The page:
Félix Houphouet-Boigny was born near Yamoussoukro, the southern part of the Ivory Coast, on October 18, 1905. His father was a Boulé tribal chief and a wealthy cocoa farmer. At five years old Houphouet-Boigny inherited his father’s chief status and his cocoa plantation. He studied at primary and secondary school in his village and graduated as a medical assistant in Dakar, Senegal. From 1925 to 1940, Houphouet-Boigny worked in medicine throughout the Ivory Coast. By 1944, his family’s plantation was prosperous and he rose into political prominence by organizing the Syndicat Agricole Africain (SAA), a union that defended farm workers and planters’ interests. In 1945, he was elected as the Ivory Coast’s deputy to the French Constituent Assembly.
Using his political successes with SAA, Houphouet-Boigny started the Ivory Coast’s first independent political party, Parti Démocratique de la Côte d’Ivoire (PDCI). The PDCI became part of a larger network of French-speaking West African political parties, known as the Rassemblement Démoctratique Africain (RDA). When the Communist party attempted to join the RDA, Houphouet-Boigny broke away and in 1950 became a supporter of continued French political control in the Ivory Coast. With his new political stance, he moved quickly through the French administrative hierarchy. Between 1956 and 1959, he served as the assistant to France’s prime minister, the minister of health, and finally the minister of state in three French cabinets. During these years, he continued to push for improvements in French West Africa.
When the Ivory Coast gained its independence in 1960, Felix Houphouet-Boigny was elected president. Throughout his presidency, he aligned himself with France and the Western world as the best means to economic development. He denounced Communist influence in Africa and soon became known as one of the most conservative political leaders on the continent.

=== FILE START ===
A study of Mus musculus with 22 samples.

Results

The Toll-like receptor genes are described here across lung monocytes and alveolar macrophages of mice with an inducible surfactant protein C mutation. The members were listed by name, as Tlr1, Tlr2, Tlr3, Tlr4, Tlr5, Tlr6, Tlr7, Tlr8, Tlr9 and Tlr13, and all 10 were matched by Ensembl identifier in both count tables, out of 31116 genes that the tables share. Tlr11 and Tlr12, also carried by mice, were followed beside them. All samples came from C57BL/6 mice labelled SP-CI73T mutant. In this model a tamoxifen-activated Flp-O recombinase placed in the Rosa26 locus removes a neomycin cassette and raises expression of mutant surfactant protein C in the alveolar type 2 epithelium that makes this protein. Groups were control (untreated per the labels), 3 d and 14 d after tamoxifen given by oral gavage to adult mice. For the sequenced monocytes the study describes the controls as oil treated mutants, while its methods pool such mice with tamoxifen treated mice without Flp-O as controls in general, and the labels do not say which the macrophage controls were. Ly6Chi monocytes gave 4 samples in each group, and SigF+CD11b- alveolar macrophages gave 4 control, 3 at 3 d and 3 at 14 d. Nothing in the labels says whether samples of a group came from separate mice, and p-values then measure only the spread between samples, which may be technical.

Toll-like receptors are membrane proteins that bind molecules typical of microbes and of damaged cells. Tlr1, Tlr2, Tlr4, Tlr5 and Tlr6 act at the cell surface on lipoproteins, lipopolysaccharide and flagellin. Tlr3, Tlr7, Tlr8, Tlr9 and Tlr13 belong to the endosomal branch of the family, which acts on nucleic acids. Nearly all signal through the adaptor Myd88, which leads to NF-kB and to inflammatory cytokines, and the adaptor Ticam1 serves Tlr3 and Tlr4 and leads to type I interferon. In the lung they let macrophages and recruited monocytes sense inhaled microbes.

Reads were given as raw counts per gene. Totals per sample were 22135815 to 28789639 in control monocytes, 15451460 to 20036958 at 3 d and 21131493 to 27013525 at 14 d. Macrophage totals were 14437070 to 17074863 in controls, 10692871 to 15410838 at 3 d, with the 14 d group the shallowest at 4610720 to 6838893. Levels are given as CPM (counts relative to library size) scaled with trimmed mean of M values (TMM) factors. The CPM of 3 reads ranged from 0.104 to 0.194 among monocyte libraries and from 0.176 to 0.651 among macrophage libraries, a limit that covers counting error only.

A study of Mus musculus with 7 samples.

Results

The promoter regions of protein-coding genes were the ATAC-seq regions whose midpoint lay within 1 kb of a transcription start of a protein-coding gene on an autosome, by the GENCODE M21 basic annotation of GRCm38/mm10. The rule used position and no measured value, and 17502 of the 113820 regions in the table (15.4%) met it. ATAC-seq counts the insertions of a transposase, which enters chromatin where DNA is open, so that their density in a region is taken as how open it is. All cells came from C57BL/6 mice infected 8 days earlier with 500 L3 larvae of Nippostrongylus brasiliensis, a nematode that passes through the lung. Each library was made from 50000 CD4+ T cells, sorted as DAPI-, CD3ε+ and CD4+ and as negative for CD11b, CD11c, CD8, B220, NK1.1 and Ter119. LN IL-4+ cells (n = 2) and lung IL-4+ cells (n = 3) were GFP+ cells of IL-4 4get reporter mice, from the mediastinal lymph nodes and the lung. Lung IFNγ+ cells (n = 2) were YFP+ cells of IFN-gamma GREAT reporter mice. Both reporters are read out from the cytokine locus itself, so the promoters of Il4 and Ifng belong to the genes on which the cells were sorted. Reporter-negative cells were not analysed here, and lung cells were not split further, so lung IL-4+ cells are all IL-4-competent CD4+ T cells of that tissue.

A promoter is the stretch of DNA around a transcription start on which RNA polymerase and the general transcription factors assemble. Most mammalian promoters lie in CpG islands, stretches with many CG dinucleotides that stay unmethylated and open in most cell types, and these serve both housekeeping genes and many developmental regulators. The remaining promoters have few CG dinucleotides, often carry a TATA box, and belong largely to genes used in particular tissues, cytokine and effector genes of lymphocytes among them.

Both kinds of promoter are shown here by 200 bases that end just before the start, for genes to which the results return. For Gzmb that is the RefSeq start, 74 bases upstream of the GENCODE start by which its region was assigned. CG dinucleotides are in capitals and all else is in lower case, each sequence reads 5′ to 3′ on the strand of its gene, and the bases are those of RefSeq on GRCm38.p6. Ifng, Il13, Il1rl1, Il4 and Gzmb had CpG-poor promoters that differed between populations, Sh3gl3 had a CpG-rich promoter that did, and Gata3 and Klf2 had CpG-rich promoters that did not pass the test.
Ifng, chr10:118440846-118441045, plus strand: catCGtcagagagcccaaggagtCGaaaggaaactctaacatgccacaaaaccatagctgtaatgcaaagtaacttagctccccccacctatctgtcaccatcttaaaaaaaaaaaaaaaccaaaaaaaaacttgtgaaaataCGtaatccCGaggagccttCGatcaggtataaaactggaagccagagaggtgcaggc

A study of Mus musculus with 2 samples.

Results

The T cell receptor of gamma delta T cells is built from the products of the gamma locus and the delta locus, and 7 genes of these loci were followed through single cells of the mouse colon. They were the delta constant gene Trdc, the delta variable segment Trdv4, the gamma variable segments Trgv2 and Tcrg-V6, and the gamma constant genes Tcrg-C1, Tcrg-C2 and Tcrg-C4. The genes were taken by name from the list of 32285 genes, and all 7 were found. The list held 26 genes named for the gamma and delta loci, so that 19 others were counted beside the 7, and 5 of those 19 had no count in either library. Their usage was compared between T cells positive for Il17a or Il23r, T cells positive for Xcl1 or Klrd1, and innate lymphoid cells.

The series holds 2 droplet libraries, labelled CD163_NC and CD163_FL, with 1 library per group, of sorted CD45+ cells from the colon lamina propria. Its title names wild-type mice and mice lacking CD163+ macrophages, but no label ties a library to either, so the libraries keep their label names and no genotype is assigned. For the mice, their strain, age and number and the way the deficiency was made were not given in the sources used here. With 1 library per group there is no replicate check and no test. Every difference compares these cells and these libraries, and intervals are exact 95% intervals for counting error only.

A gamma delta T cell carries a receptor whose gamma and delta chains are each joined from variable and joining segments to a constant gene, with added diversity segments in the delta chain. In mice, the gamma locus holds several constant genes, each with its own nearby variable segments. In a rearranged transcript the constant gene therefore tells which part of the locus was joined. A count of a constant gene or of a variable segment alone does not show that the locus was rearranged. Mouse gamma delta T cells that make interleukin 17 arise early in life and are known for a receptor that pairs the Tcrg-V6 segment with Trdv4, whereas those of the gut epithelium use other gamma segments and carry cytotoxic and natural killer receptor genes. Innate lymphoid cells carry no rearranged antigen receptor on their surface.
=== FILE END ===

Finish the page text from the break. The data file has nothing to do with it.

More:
Houphouet-Boigny led a one-party state for thirty years, with the PDCI acting as the only political party of his regime. In 1990, in response to international pressure to increase the nation’s economic growth, Houphouet-Boigny finally allowed a multi-party system. From his first election into presidency in 1960 to the 1980s the Ivory Coast experienced much economic gain. When the economy declined in the 1980s Houphouet-Boigny slowly introduced changes to gain back the Ivory Coast’s economic standing. This included adding over 100 municipal governments and encouraging multi-party politics. Before his death, Houphouet-Boigny designated the speaker of the assembly as his successor.
On December 7, 1993, Félix Houphouet-Boigny died in Yamoussoukro, his city of birth and the capital of the Ivory Coast.
Kevin Shillington, ed., Encyclopedia of African History (New York: Fitzroy Dearborn, 2005); Thomas Patrick Melady, Profiles of African Leaders (New York: The Macmillan Company, 1961).
Micklin, Anna T.
Evergreen State College
BlackPast.org is an independent non-profit corporation 501(c)(3). It has no affiliation with the University of Washington. BlackPast.org is supported in part by a grant from Humanities Washington, a state-wide non-profit organization supported by the National Endowment for the Humanities, the state of Washington, and contributions from individuals and foundations.